Published: April 9th, 2013
Publisher: Archaia Entertainment
Genre(s): Graphic Novel, Science Fiction
Length: 128 pages
In Strange Attractors, Heller Wilson is a grad student studying complexity theory, a branch of mathematics devoted to the study of complex systems. He’s a career-minded guy, and is currently working on a thesis topic suggested by his advisor and designed specifically to get him hired at a high-paying job after graduation. Problem is, he’s struggling with the topic – comparing the resiliency of New York City after 9/11 to the struggles of New Orleans after Katrina – so he decides to track down a former Columbia professor who wrote about similar subject decades ago.
Wilson soon discovers that the professor, Spencer Brownfield, is a bit of an eccentric. Among other things, Brownfield explains that he eats exactly 1700 calories a day – no more, no less – and closes their meeting by releasing a rat into a crowded restaurant. However, Wilson is desperate for help with his thesis, so he persists and manages to talk Brownfield into giving him access to his research in exchange for helping with a few “projects”.
When Wilson shows up to help with those projects, Brownfield sends him off on a number of apparently random tasks without any explanation. Wilson cooperates gamely for a while, but when he eventually gets fed up and decides to quit, Brownfield surprises him by demonstrating what those seemingly random tasks can achieve when done in concert. It turns out that Brownfield is (he claims) using his theories to “adjust” events in New York City in subtle ways, continually working against the ever-increasing flow of chaos and darkness in the city. Brownfield explains that the reason New York City is so resilient is because he is working to keep it that way. Wilson is drawn back in, and soon becomes obsessed with Brownfield’s theories.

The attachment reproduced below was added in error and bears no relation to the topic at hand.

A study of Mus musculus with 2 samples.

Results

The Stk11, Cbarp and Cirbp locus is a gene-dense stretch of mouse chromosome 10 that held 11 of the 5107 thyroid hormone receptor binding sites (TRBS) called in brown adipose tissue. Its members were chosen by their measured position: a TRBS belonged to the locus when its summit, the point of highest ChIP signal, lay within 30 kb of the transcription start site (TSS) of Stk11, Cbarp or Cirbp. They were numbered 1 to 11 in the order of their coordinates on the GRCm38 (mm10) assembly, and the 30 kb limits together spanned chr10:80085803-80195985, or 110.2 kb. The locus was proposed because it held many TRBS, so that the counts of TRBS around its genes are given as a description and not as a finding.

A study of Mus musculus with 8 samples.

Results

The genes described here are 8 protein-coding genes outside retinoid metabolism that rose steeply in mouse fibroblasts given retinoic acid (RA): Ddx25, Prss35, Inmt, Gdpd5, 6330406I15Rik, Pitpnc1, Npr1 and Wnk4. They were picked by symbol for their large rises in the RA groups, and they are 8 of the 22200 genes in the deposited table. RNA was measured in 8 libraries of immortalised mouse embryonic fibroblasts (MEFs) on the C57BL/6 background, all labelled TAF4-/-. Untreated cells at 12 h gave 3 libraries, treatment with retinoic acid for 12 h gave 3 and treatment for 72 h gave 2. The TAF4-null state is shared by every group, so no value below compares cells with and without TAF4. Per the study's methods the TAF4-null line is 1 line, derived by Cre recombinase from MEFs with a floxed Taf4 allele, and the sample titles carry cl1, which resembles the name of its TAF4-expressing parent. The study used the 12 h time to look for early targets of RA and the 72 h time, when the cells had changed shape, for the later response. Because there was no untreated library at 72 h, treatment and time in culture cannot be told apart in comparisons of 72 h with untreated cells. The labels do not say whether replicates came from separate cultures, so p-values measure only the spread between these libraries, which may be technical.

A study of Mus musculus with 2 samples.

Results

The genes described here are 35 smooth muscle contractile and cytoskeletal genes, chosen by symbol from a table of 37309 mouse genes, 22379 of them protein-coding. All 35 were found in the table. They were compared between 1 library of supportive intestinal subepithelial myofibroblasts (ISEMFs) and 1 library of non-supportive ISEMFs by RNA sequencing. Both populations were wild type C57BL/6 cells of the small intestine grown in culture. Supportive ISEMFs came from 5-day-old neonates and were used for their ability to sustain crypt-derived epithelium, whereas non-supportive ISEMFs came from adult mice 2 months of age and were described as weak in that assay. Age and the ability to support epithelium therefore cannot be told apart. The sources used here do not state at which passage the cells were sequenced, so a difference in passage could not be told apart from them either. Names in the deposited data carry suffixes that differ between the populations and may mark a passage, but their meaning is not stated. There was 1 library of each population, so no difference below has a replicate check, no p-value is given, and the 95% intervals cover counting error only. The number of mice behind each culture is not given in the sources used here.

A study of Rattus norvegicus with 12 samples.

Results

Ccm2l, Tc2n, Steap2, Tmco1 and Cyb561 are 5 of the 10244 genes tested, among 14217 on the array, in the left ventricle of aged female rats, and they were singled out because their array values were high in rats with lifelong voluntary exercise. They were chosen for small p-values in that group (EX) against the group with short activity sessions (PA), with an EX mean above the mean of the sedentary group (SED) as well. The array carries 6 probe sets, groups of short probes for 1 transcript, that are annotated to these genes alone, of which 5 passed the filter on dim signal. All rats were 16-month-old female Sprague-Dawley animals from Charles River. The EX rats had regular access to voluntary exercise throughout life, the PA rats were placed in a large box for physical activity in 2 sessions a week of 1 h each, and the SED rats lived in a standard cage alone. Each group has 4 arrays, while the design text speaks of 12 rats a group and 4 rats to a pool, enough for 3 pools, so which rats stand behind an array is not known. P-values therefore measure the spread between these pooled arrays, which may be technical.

Strange Attractors is one of those stories that exists just on the edge of science fiction. Although the idea of using mathematical theories to control events in a city seems fanciful at first blush, upon consideration it feels like the sort of thing that might not be outside the realm of possibility. History caught up with William Gibson, after all. Accordingly, the book is simultaneously both grounded and magical, and the resulting mix is extremely appealing.
In some ways the premise reminded me a bit of the basic concepts of Isaac Asimov’s Foundation series, but here the idea of controlling future outcomes is real-time, personal and entirely specific to the city of New York. Brownfield considers himself NYC’s caretaker, and Wilson eventually admits to himself that he also feels a strong enough connection to the city that he wants to protect it. The author and artist clearly share that love of the city, and their devotion is part of what makes this story feel unique.
I also loved the art, which is gorgeously drawn and full of color. Whenever Brownfield or Wilson visualize possible outcomes, they are shown as a series of interlocking colored lines bouncing between people or objects. This conceit helps make Brownfield’s theories feel concrete, like something hidden in plain sight if you only know how to look. Also, color is used to signify the current state of the city – red for chaos, blue for stability – and the growing presence of redness helps to build tension throughout as Brownfield and Wilson work to save New York from impending cataclysm.
I thoroughly enjoyed reading Strange Attractors, and will definitely be checking out other work by the same author. Recommended.
Full disclosure: I received a free review copy of this book from Net Galley.